Approximately 6,000 stocks trade on the major U.S. exchanges -- the New York Stock Exchange, the American Stock Exchange and the Nasdaq. That may not seem like that many, and I suppose it isn't. But they do represent every kind of industry imaginable. Some aren't even companies at all.
Trusts, like the NCE PetroFund (NYSE: NCN ) , trade on the expected cash-flow streams generated by assets or natural resources. There are real estate investment trusts (REITs), like Anthracite Mortgage (NYSE: AHR ) and AvalonBay (NYSE: AVB ) , and American depositary receipts (ADRs) like Nokia (NYSE: NOK ) and Videsh Sanchar Nigam (NYSE: VSL ) . And don't forget closed end funds like the Debt Strategies Fund (NYSE: DSU ) or the Nuveen California Municipal Fund (NYSE: NCA ) .
And there's one outfit that apparently does nothing.
Enter the Philadelphia Authority for Industrial Development(PAID) (NYSE: POB ) . Its official description is as follows:
The Authority is a public instrumentality of the Commonwealth [of Pennsylvania] and a body corporate and politic, created by the City pursuant to the Act for the purpose of acquiring, holding, constructing, improving, maintaining, operating, owning, financing and leasing, either in the capacity of lessor or lessee, industrial, commercial or specialized development projects, all as permitted under the Act.
I don't know but...
Somehow, POB trades about 6,000 shares a day, or about $150,000 worth. It pays a dividend of $0.41 per quarter (a 6.4% yield at today's valuation) and has done so like clockwork since going public in early 1999. The stock has done well in its own right, drifting upwards from $18 to its current level of $25.35 in four years. Yet information on the Authority itself seems impossible to come by.
We get no market capitalization. It apparently files no reports with the SEC -- doesn't have a web site, a list of assets, or accessible financial statements. The NYSE, which lists the stock, offers no real information other than ticker, dividend, and current price. Yahoo Finance offers nothing. Neither does the SEC's EDGAR database. We've found nothing so much as a "we don't have to file nothin'" filing. And yet it pays out, every quarter.
Could this stock trade completely independent of its fundamentals? I mean, for all the world it doesn't seem to have any. What in the world are investors basing their decisions and trades on?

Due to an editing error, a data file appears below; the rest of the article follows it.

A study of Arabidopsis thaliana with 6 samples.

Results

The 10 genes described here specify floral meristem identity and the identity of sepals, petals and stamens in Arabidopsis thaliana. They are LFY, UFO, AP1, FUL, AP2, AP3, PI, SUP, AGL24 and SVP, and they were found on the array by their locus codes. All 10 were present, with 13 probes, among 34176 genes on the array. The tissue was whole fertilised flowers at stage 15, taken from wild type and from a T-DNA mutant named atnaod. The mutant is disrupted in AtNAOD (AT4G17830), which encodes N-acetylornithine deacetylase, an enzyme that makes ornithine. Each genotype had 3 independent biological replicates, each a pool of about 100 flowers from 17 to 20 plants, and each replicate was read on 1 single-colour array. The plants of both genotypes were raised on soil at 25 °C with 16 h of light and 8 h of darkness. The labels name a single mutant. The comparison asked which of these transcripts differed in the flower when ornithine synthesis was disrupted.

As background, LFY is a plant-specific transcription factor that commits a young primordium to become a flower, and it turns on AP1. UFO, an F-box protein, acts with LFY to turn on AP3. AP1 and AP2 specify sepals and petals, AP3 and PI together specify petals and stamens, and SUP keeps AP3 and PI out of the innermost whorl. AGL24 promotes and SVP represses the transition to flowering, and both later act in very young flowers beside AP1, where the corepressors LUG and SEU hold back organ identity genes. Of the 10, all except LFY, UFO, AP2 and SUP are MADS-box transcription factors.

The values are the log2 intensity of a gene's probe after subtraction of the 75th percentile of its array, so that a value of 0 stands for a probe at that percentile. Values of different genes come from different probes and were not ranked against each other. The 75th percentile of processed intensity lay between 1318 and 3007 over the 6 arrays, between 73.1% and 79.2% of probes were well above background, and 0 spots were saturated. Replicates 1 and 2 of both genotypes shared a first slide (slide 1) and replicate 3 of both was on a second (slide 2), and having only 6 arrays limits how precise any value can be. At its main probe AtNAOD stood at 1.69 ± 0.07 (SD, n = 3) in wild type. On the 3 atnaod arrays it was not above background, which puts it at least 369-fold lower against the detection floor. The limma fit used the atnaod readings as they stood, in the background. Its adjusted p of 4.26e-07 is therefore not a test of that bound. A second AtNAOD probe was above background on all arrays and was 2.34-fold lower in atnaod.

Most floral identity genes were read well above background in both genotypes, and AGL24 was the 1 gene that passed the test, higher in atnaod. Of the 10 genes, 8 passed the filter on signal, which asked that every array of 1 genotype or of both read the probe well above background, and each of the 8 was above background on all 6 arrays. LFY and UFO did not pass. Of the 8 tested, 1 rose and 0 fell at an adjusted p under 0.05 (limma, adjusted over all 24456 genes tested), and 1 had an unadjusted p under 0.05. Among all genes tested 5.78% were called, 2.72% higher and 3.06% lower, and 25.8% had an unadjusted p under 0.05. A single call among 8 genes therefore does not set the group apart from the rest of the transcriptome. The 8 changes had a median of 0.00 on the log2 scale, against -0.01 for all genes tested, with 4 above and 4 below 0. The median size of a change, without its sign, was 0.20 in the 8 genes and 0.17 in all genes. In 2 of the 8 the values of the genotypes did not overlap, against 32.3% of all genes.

I'm going to find out
I'm inquisitive by nature, and I've been at work uncovering the mystery that is PAID. Google turns up that PAID owns a skyscraper, the Aramark Building in downtown Philadelphia, and that it also owns the Philadelphia Naval Business Center. But there isn't much by way of details about either project or the other facts that turn up -- for instance, some assorted air cargo revenue bonds. An FAQ from the Naval Center offers a tiny clue:
Q. Who owns the Philadelphia Naval Business Center?
A. In March 2000, the property was formally transferred to the Philadelphia Authority For Industrial Development (PAID). The Philadelphia Industrial Development Corporation (PIDC), the City's private economic development corporation, is managing the marketing and development of the property on behalf of PAID and the City.
This wasn't much to go on, but it did offer one clue -- there is a second management corporation, the Philadelphia Industrial Development Corporation (which is different, how?). And I did find that PIDC has worked recently with Sysco (NYSE: SYY ) , and with Norwegian engineering firm AkerKvaerner (Pink Sheets: KVNRY) on projects that may or may not have anything to do with PAID.
But that's about it. Several weeks ago, I sent an email asking questions about PAID to PIDC, and received no reply. In the interim, I put in a call to a representative of PIDC, but once again have heard nothing back.
I'll find the answer
I doubt seriously that there is anything pernicious going on. PAID is, after all, an instrument of the Commonwealth of Pennsylvania, not some shadowy front for the Albanian mob. But what on earth does this stock trade on, except that consistent stream of $0.41 dividends? The impending rebirth of the City of Brotherly Love? The chances of the Eagles winning the Super Bowl? Rocky 8?
And by the way, if Philadelphia has PIDC, why does it need PAID? I mean, PIDC and PAID both manage the PNBC, but PAID doesn't seem to exist except for its management agreement with PIDC. PIDC is non-profit, PAID pays out a dividend based on... what? And is it a C? An LLC? A BDC? Does it work with the FHA? The SEPTA? The CIA? CREEP?
I'd really like to know. And I'm certain that both of you reading this are curious, too. How on earth can a stock trade publicly -- much less daily -- on the New York Stock Exchange, despite there being almost, but not quite exactly, zero information available to investors?!? When I figure it out, I'll follow up. Meanwhile, if you're looking for a highly regular 6.4% dividend, maybe you can find something on PAID.
Bill Mann, TMFOtter on the Fool Discussion Boards
Bill Mann can't find his keys, either. While the Motley Fool offers a newsletter highlighting our favorite Hidden Gems, this one just may be too hidden even for our tastes. Check it out!